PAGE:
As a consultant in long-term care, I learned how to properly wash my hands by reading the hand hygiene poster hung above the sink at one of my first nursing homes.
I’ve gotten more diligent over the years (read: paranoid), making an effort to sanitize my hands as I move from room to room, but I wonder about those whose roles in long-term care don’t specifically emphasize infection control procedures.
While infection control is an integral part of training for most staff members, there are many other people in facilities — visitors, volunteers, vendors and residents, among others — who might not fully recognize the importance of hand washing to prevent the spread of infection.
In fact, a recent study suggests that even those who should know better don’t wash their hands as often as they should. Researchers found that doctors in a California hospital had a hand hygiene compliance rate of about 22% when they didn’t realize they were being observed and a rate of 57% when they recognized that the infection control staff was watching them.
The research paper is titled, “Hawthorne Effect in Hand Hygiene Compliance Rates,” referring to the change in behavior due to being observed. To me, however, the takeaway is that hand hygiene compliance rates range from being abysmal to mediocre. Clearly, this is an area that needs more attention.
A study presented at this month’s Association for Professionals in Infection Control and Epidemiology conference suggests a novel method of increasing hand-washing compliance.
Because prior research had found success in appealing to emotional motivators such as disgust in changing hand-washing behavior, investigators exposed subjects to unappealing photos of bacterial contamination. This visual exposure helped participants imagine the contamination on their own hands and increased their likelihood of hand washing by 11% to 46%.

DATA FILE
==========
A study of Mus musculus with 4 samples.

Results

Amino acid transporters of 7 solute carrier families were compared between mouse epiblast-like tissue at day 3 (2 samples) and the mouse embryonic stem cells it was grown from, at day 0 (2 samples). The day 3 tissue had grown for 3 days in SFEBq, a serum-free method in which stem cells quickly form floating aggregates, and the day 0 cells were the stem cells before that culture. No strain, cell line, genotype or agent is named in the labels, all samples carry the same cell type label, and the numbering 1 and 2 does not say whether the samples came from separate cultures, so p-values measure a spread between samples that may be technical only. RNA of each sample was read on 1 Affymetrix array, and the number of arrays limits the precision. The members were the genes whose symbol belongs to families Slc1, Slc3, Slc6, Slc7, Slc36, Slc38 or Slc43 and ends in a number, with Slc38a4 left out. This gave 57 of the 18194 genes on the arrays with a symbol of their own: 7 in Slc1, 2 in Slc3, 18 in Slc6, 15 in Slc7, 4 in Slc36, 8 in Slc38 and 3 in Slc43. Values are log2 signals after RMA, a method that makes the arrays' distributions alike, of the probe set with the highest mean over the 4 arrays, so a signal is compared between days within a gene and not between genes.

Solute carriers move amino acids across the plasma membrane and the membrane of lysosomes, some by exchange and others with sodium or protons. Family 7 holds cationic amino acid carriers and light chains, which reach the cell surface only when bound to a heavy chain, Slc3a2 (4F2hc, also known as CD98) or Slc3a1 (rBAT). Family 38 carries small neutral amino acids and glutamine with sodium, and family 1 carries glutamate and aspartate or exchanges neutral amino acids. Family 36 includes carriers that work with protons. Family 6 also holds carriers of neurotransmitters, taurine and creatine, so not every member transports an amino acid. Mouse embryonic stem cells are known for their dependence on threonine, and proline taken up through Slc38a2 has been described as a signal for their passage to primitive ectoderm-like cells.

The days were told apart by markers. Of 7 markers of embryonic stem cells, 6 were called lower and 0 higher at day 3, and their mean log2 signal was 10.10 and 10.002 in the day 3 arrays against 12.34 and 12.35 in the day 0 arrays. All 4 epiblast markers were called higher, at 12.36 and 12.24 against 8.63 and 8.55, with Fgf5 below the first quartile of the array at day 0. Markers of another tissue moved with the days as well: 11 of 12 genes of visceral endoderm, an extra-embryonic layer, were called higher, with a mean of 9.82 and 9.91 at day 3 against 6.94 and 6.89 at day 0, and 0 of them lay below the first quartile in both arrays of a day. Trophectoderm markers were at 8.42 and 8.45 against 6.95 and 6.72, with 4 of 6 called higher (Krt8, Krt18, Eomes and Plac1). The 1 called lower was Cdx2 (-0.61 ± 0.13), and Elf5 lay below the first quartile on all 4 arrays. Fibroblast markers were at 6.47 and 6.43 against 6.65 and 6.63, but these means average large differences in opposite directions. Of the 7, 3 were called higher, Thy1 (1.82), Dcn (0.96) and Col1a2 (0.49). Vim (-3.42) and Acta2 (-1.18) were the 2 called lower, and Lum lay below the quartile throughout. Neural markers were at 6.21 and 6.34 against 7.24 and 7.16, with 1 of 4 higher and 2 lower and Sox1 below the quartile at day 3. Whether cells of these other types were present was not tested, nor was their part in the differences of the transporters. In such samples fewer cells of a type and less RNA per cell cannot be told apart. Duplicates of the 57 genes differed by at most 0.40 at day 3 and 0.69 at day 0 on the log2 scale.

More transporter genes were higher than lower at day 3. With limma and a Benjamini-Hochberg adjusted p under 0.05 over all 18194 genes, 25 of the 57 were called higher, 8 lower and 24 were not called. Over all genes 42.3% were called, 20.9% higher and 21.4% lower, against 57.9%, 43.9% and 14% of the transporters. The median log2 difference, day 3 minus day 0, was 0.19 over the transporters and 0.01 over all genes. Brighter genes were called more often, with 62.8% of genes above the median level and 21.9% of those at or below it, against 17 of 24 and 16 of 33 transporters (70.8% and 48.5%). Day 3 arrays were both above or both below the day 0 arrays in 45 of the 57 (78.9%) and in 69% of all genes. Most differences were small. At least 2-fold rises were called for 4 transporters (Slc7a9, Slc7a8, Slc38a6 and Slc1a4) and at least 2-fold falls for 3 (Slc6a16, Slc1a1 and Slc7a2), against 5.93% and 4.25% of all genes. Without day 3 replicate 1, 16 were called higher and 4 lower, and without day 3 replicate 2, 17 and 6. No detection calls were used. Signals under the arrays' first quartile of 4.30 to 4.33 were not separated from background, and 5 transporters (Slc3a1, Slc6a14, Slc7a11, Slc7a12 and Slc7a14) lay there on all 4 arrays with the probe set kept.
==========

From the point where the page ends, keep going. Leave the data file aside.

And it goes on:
We could call it the “Eww, Gross! Method.”
Other techniques suggested by infection control and other researchers to increase hand hygiene compliance are below:
• Publishing (in-house) rates of hand-washing observance for each unit to create a healthy sense of competition. The best team could be rewarded, perhaps with pizza or a special lotion to soothe frequently cleansed hands.
• Use peer pressure with signs indicating that, “everyone else is doing it.” The message could say, for example, “Join your coworkers in preventing the spread of infection through hand washing.”
• Take peer pressure a step further by sending messages in paychecks for those with low compliance that read, “You are one of the few who aren’t consistently washing their hands.” Yikes! That’s certainly a call to action! (The British government successfully used a version of this “nudge principle” to collect an additional $15 million from citizens who were delinquent on their taxes after they were sent notes saying they were “one of the few who have not paid us yet.”)
• If the above suggestion is too Orwellian for your team, try using a variety of pleasantly scented sanitizing lotions or hand soaps so that it’s enjoyable to smell what comes out of the dispenser and fun to try new scents.
• Employ regular checks to be sure your housekeeping staff is keeping dispensers filled and have “Plan B” sanitizers available for times when they aren’t, such as sanitizing products by the nursing station.
• Empower residents to remind staff members to wash their hands. Have a community-wide “point it out” campaign so that staff members expect residents to be aware and to speak up. Teach residents how to encourage compliance with humor and grace.
• Post hand hygiene signs in the lobby near sanitizing dispensers and include related tips in newsletters for families. Use the emotional motivator of nurture to encourage them to take care of their loved ones through proper hand washing.
• Make hand hygiene a part of your staff recognition program by acknowledging workers for prioritizing this aspect of infection control.
A combination of these techniques is likely to result in a culture of hand hygiene compliance — and that’s something for which we can clap our clean hands.
Eleanor Feldman Barbera, PhD, author of The Savvy Resident’s Guide, is a 2014 Award of Excellence winner in the Blog Content category of the APEX Awards for Publication Excellence program. She also is the Gold Medalist in the Blog-How To/Tips/Service category of the 2014 American Society of Business Publication Editors Midwest Regional competition. A speaker and consultant with nearly 20 years of experience as a psychologist in long-term care, she maintains her own award-winning website at MyBetterNursingHome.com.